Protein C concentrations in severe sepsis: an early directional change in plasma levels predicts outcome

Andrew F Shorr1*, Gordon R Bernard2, Jean-Francois Dhainaut3, James R Russell4, William L Macias5, David R Nelson5 and David P Sundin5

Author Affiliations

1 Department of Medicine, Section of Pulmonary and Critical Care Medicine, Washington Hospital Center, Washington, DC, USA

2 Department of Medicine, Division of Allergy, Pulmonary and Critical Care Medicine, Vanderbilt University, Nashville, Tennessee, USA

3 Department of Intensive Care and Emergency Medicine, Cochin-Port Royal University Hospital, Paris 5 René Descartes University, Paris, France

4 Critical Care Research, St Paul's Hospital and University of British Columbia McDonald Research Laboratories, Vancouver, Canada

5 Lilly Research Laboratories, Eli Lilly and Co., Indianapolis, Indiana, USA



See related commentary by Timsit: http://ccforum.com/content/10/4/157

Published: 15 June 2006

Abstract

Introduction

Protein C, because of its central role in hemostasis, plays an integral role in the host response to infection. Protein C depletion, resulting from increased consumption, degradation, and/or decreased synthesis, is characteristic of sepsis and has been shown to predict morbidity and mortality. The objective of this study was to determine whether early directional changes in protein C levels correlate with outcome.

Methods

Patients in the Recombinant Human Activated Protein C Worldwide Evaluation in Severe Sepsis (PROWESS) clinical trial were assessed and categorized by baseline protein C (n = 1574). Deficiency was categorized as: severe deficiency, protein C levels ≤ 40% of normal protein C activity (n = 615, 39% of patients); deficient, protein C levels 41–80% of normal protein C activity (n = 764, 48.5% of patients); and normal, >80% of normal protein C activity (n = 195, 12.4% of patients). Logistic regression analysis of 28-day mortality for placebo patients was used to investigate whether baseline and day 1 protein C levels were independent risk factors for mortality. The impact of treatment with drotrecogin alfa (activated) (DrotAA) was also assessed.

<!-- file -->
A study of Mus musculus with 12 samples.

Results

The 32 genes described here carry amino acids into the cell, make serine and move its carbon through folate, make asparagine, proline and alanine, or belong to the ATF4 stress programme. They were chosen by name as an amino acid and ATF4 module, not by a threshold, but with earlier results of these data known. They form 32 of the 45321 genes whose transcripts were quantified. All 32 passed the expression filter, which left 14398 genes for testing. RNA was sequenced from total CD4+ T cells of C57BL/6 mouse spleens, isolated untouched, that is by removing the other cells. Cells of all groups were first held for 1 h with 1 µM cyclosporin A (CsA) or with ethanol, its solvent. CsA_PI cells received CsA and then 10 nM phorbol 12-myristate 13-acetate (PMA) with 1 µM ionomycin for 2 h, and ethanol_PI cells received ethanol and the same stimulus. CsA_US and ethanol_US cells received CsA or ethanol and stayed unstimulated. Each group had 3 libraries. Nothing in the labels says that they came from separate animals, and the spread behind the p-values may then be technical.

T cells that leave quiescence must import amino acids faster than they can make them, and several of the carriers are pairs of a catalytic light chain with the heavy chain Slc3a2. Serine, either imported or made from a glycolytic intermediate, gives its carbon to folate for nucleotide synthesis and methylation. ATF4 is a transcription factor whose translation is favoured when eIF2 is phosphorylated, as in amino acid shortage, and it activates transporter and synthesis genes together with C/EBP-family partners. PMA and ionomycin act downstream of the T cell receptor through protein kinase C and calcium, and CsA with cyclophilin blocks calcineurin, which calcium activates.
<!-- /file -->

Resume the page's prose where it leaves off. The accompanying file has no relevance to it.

Results

Protein C levels at baseline and day 1 were independent risk factors in placebo patients. If baseline protein C levels of severely deficient placebo patients remained ≤ 40% at day 1 their odds of death increased (odds ratio = 2.75, P < 0.0001), while if levels improved to >40% by day 1 their risk of death decreased (odds ratio = 0.43, P = 0.03). If baseline protein C levels of placebo patients were >40% but decreased by ≥ 10% on day 1, their risk of death increased (odds ratio = 1.87, P = 0.02). DrotAA treatment improved protein C levels by day 1 compared with placebo (P = 0.008) and reduced the risk of death in severely deficient (≤ 40%) patients at baseline. Treatment also decreased the number of severely protein C deficient (= 40%) patients and decreased the number of deficient (41–80%) patients and normal (>80%) patients who had a ≥ 10% decrease in protein C levels by day 1.

Conclusion

Baseline protein C levels were an independent predictor of sepsis outcome. Day 1 changes in protein C, regardless of baseline levels, were also predictive of outcome. The association of DrotAA treatment, increased protein C levels, and improved survival may partially explain the mechanism of action.